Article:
Ministers urged to outlaw ‘hateful extremism’ that helps promote terrorism


Many practices used to recruit potential terrorists and radicalise young people have not been made illegal in the UK, meaning many hate groups cannot be prosecuted, according to a report by the Commission for Countering Extremism.

The commission – which was established in the wake of the 2017 London Bridge attacks – said current legislation was focused on dealing with the threat of terrorism.

However, it meant that much extremist activity was not covered by the law, because it did not cross a certain threshold.

Former assistant commissioner Sir Mark Rowley, the ex-national police lead on counter-terrorism, who helped draw up the commission’s report. He said that he was shocked by the amount of material that was freely available.

“During the course of conducting this review, I have been shocked and horrified by the ghastliness and volume of hateful extremist materials and behaviour which is lawful in Britain,” he said.

“Not only have our laws failed to keep pace with the evolving threat of modern-day extremism, current legal boundaries allow extremists to operate with impunity.

“Hateful extremism is creating an ever-bigger pool for terrorists to recruit from, as well as increasing violence, hate crime and tensions between and within communities. The current situation is simply untenable.”

The report highlighted the case of hate preacher Anjem Choudary who was thought to have radicalised between 70 to 100 people over a number of years and turned them towards terrorism.

He was eventually arrested under the terrorist offence of inviting support for a proscribed organisation – the Islamic State (IS).



Anjem Choudary

The commission also found online extremist messaging boards which glorified figures such as Osama Bin Laden and the 9/11 hijackers. It also found groups promoting far-right terrorists such as Anders Breivik, Brenton Tarrant and Thomas Mair.

Under current law collecting IS beheading videos, forming new-Nazi groups that praise Adolf Hitler, or encouraging Holocaust denial is not illegal as long as it is not threatening, abusive, or insulting.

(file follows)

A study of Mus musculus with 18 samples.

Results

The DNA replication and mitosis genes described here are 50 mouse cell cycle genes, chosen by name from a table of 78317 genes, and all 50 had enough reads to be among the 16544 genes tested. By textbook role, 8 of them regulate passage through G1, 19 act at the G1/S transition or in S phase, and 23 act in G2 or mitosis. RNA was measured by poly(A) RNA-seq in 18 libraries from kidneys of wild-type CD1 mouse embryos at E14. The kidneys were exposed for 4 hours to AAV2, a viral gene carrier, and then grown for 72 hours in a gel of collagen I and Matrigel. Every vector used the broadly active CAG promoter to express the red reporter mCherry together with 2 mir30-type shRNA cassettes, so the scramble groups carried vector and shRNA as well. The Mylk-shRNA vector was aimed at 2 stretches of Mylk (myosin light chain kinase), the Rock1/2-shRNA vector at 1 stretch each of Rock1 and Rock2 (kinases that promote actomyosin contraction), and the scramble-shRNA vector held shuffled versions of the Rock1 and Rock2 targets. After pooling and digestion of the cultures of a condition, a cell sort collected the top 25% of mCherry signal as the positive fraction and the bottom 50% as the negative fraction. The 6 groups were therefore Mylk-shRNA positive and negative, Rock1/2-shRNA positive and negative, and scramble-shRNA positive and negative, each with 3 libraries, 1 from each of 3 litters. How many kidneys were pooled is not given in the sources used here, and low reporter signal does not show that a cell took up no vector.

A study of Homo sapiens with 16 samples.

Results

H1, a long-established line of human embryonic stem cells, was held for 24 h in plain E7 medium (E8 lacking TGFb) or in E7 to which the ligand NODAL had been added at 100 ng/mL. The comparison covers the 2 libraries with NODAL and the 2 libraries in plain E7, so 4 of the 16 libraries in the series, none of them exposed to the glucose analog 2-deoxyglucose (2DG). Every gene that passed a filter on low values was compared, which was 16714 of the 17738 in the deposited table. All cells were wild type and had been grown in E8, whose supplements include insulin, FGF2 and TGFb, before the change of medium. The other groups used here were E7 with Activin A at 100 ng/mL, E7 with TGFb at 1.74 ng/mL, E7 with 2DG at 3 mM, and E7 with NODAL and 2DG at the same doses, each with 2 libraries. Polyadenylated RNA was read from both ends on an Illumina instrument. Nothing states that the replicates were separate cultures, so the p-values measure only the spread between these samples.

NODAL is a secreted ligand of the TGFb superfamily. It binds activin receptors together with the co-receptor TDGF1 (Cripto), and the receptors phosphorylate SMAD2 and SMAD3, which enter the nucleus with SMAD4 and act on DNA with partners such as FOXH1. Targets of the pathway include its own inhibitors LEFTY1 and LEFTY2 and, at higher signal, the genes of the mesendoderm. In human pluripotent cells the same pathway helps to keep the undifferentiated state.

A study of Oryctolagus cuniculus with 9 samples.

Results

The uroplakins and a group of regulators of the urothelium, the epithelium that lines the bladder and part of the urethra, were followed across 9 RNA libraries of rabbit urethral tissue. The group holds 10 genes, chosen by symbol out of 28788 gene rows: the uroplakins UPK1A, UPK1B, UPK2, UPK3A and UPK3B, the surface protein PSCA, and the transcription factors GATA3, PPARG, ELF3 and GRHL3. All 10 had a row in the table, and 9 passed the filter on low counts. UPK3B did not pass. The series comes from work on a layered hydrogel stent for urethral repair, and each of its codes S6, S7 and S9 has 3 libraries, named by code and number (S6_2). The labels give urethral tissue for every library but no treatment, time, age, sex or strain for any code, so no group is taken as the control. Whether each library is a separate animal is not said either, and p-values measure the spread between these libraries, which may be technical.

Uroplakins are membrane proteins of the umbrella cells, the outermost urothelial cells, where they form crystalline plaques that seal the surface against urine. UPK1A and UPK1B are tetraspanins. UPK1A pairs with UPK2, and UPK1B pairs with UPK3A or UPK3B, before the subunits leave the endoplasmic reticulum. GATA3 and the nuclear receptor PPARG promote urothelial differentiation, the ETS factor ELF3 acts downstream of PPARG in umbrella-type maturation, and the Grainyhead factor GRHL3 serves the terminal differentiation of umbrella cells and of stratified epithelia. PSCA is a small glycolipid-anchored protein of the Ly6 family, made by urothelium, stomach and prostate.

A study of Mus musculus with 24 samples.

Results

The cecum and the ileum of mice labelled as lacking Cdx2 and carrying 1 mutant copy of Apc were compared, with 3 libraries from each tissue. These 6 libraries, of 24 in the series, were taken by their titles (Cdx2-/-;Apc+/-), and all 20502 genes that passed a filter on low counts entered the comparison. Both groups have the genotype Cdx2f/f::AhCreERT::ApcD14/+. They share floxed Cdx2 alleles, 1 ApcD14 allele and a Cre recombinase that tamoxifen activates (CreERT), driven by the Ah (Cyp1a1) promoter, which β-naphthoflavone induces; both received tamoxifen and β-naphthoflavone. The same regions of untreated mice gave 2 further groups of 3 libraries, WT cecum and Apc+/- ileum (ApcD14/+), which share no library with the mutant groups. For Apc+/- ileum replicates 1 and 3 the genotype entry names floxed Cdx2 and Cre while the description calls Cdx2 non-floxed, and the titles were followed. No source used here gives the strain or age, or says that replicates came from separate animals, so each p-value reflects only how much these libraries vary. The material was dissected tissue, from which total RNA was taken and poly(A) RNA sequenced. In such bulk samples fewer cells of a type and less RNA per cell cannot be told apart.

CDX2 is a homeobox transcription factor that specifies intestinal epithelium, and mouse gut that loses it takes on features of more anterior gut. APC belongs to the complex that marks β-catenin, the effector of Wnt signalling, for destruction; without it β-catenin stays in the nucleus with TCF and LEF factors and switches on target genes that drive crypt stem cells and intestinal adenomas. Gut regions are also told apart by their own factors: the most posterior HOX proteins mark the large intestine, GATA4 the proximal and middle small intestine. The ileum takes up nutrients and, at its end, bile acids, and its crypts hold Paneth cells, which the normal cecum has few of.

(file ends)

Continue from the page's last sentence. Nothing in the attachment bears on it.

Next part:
The report’s findings have been backed by backed by faith leaders, including the Archbishop of Canterbury, the Chief Rabbi and the chair of Mosques and Imams National Advisory Board, human rights campaigner Peter Tatchell and former prime ministers Tony Blair and David Cameron.

It added that past attempts to capture “hateful extremism” in law through the “lens of counter terrorism policy” had proved “futile and flawed”.

It noted that in 2015, a promised extremism Bill failed to materialise because it was unable to produce a legally acceptable definition of extremism.

The commission welcomed the Government’s proposals for a strong regulatory regime that have been highlighted in its online harms white paper, but said the Government needed to go further to address the issue.

The report said: “We are particularly concerned by the targeted radicalisation of young people and the lack of criminal sanctions against those who intend to radicalise young people into extremism,” it said.

“This is despite it creating a climate conducive to terrorism, hate crime, or other violence and/or is attempting to erode and destroy the fundamental rights and freedoms of our democratic society.”

The head of the commission, Sara Khan, said: “Not having a legal framework is just no longer an option. We are at a watershed moment.

“The problem is getting worse. We feel that the Government does have a responsibility to address this.”